JTB Staff Ski Holiday Story in Appi and Hakkoda


I took the bullet train north to go skiing in the Tohoku region. I remembered someone telling me that the ‘northern people’ are incredibly kind.
And this proved correct as a local women gave me a cake and an apple for my journey just in case the train got stuck in heavy snow. From the train we drove north to the ski fields.
I was stunned at the amount of snow on the streets. In some places it came up to the car windows and we were still miles away from the fields.

top middle

First stop was Hakkoda where the snow was amazing. It was so soft and there was plenty of it.
The runs I skied off the double chair were great – tree-lined with plenty of snow, quite a contrast to skiing on a bare mountain. It was magical but you need to be mindful of the tree wells that you could fall/ski into on the edges of the runs.


When we headed over to the Ropeway, I rode up and down on the Gondola and left the skiing to the experts, which you need to be to ski back down. Visibility this day was not good and finding your way down looked difficult.
While we were at the top, our Romanian guide (yes, Romanian) pointed out a sign that was about 1.5-2m high, he said in a few weeks the sign would be completely covered by snow. That’s a lot of snow! He spoke excellent English, and can video your runs so you can bring home some great memories.
Skiing off piste is not recommended, but with so much powder about, you don’t need to. It’s recommended that you ski with a guide until you know the runs well– especially on the Ropeway.

They know the mountain and where the dangers are. Even the locals don’t ski the Ropeway when the snow gets too deep. The season runs from the beginning of December to early May. Being there late December, which is considered early season, we were treated to some really good snow.
We had lunch at the bottom café for Y1000. Hot, tasty and good value. There is another café at the Gondola station serving the same quality food. Both cafes have miniature clotheslines over heaters where you hang up your hat and gloves so they warm up and dry over the heaters while you eat.


There is accommodation on the mountain, Hakkoda sansou, and ski rental equipment is available on the mountain but it may pay you to book ahead.

Hakkoda is for the Powderhounds. My only disappointment was that I was not a better skier. There were few people early season, tasty hot food, great guides and lots and lots of soft powder.

A second day we spent at “Appi Kogen” aka Happy Appi ! I was looking forward to the Yamaboto run at 5.5km long. But being early in the season, only 3 runs were open. That was ok as they were more suited to my level of intermediate ability.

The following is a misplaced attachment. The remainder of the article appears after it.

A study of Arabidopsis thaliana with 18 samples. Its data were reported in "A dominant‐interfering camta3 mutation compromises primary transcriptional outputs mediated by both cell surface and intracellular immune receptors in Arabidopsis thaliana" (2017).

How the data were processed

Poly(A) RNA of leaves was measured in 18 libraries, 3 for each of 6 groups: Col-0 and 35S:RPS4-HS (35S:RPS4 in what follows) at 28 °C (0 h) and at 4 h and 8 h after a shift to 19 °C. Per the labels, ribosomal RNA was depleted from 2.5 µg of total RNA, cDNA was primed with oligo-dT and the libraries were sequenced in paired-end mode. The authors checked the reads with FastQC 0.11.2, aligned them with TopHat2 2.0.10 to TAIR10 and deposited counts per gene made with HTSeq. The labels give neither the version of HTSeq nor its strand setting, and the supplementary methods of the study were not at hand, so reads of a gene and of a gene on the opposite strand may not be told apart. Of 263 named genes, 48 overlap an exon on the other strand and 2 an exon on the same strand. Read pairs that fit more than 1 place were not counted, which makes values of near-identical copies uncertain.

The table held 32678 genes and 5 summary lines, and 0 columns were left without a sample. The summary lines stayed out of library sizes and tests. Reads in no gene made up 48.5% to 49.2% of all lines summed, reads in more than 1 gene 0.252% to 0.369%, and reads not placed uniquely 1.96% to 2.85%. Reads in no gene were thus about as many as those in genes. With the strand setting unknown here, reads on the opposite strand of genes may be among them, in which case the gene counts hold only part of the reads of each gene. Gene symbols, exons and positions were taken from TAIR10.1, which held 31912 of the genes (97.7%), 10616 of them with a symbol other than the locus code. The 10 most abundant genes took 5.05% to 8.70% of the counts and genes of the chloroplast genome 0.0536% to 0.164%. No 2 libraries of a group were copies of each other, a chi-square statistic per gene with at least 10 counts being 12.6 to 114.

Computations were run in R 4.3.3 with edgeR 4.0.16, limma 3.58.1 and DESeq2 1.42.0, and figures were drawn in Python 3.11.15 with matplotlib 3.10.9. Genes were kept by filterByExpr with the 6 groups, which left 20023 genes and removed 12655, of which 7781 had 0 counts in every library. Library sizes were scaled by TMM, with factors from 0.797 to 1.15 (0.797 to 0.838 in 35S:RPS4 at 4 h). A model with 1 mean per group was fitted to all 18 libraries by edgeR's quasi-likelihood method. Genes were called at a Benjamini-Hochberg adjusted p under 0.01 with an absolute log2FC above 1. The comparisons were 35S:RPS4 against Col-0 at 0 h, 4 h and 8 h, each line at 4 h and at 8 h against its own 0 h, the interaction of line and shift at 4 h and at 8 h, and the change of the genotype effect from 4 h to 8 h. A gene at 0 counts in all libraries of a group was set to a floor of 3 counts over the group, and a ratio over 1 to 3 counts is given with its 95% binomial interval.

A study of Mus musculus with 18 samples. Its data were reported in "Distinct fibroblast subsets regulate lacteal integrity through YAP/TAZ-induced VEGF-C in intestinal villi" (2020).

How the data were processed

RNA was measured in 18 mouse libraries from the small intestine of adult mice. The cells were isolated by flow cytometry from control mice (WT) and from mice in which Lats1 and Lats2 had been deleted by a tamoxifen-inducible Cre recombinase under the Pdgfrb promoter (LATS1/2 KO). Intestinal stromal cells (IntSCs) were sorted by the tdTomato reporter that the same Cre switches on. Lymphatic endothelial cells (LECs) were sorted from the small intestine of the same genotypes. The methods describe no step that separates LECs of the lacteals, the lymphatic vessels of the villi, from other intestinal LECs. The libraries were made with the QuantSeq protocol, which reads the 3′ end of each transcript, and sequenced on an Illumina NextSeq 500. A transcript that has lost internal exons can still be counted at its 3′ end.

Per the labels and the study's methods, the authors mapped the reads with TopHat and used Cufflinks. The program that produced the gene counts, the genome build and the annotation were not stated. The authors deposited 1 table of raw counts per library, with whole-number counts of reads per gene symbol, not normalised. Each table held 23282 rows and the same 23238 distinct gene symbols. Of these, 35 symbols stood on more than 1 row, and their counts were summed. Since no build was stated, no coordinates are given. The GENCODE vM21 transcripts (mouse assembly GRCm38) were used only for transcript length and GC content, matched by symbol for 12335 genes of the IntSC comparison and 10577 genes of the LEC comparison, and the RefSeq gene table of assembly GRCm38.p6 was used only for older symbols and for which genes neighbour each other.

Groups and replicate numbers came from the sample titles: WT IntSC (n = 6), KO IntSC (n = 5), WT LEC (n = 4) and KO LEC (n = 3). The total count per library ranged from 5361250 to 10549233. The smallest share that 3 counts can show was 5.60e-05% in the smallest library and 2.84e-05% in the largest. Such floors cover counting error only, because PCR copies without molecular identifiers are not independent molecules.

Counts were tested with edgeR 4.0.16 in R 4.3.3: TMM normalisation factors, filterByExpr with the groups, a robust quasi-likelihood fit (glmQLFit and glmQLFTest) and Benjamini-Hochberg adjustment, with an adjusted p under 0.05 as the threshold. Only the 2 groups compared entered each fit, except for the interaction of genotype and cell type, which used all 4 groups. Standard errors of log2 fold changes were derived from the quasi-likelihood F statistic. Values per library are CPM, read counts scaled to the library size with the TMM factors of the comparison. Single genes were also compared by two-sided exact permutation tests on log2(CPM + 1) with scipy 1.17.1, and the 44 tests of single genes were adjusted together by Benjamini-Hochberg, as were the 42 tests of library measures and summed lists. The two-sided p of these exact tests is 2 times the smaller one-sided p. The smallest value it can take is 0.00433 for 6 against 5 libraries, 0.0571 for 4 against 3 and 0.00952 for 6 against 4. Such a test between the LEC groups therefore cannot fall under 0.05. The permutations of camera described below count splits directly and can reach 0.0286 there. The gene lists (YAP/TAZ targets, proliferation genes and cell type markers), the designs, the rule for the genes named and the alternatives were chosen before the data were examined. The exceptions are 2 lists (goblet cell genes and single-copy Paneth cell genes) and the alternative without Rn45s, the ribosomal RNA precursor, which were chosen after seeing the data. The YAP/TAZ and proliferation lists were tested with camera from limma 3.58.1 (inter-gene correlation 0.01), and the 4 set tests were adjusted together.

The rental shop had all new Salomon gear and is ski-in/ski-out right onto the snow ! I stayed in the Appi Tower in a Semi Suite. Facilities in the Tower included separate onsen, gym, squash court,swimming pool, beauty salon, massage therapist and souvenir shop. There are 5 restaurants and I can recommend the Kaiseki course at the Japanese restaurant. It included sea urchin, bamboo shoot, delicious beef that you get to cook on a hot plate, locally made ice cream and the most amazing seafood platter delivered inside a football sized ice igloo! A stunning meal.

They offer shuttles into the city a couple of nights a week so you can try other restaurants. This resort has everything you need.

The snow here at Appi was just as impressive. I was told due to the weather coming from the north it makes the powder light and dry. It was just lovely to ski on. The runs wide and tree-lined, skiing here was a pleasure and again just so different having trees around you instead of a bare mountain.

And being early in the season I was struck at how few people were there to enjoy the snow conditions. One run was so wide towards the bottom I just weaved from side to side, soft snow, no crowds, it was just marvellous.

If you have a spare day off from skiing book into Morino akari for a night. Keio-san, our hostess, was absolutely fantastic and made my stay one I will not forget. She took us on a snow trek around her local area, then we had a ride in an ex-Antarctic caterpillar, and snowmobile! Visited the Kokeshi Museum where they make the wooden hand painted dolls. Over dinner that evening we were treated to the most amazing food and made our own sushi while being entertained by a local musician playing a Japanese 3 string guitar. We ended the night having much fun learning origami.

It was an awesome stay.

My last night was at Hotel Aomori. I highly recommend it. The breakfast was a mixture of Japanese and some Western. If you need some souvenirs the gift shop is well worth the visit. The prior evening we had dinner at a local restaurant. The food was delicious, so many dishes I had never tried before including chicken gizzard!

Before flying out of Tokyo I went to the Hamarikyu Gardens. If you get there, you must go into the Tea House on the middle of the lake. My companion told me the Shogun’s wife would serve tea to visitors. The flowers around the room would reflect the season, as would the pictures on the walls and the sweet they serve. This tradition is still carried on today. The Shogun’s wife would have given you a napkin and if you held it up to the light you could see and smell the flower of the season.

A wonderful traditional ending to my second visit to Japan.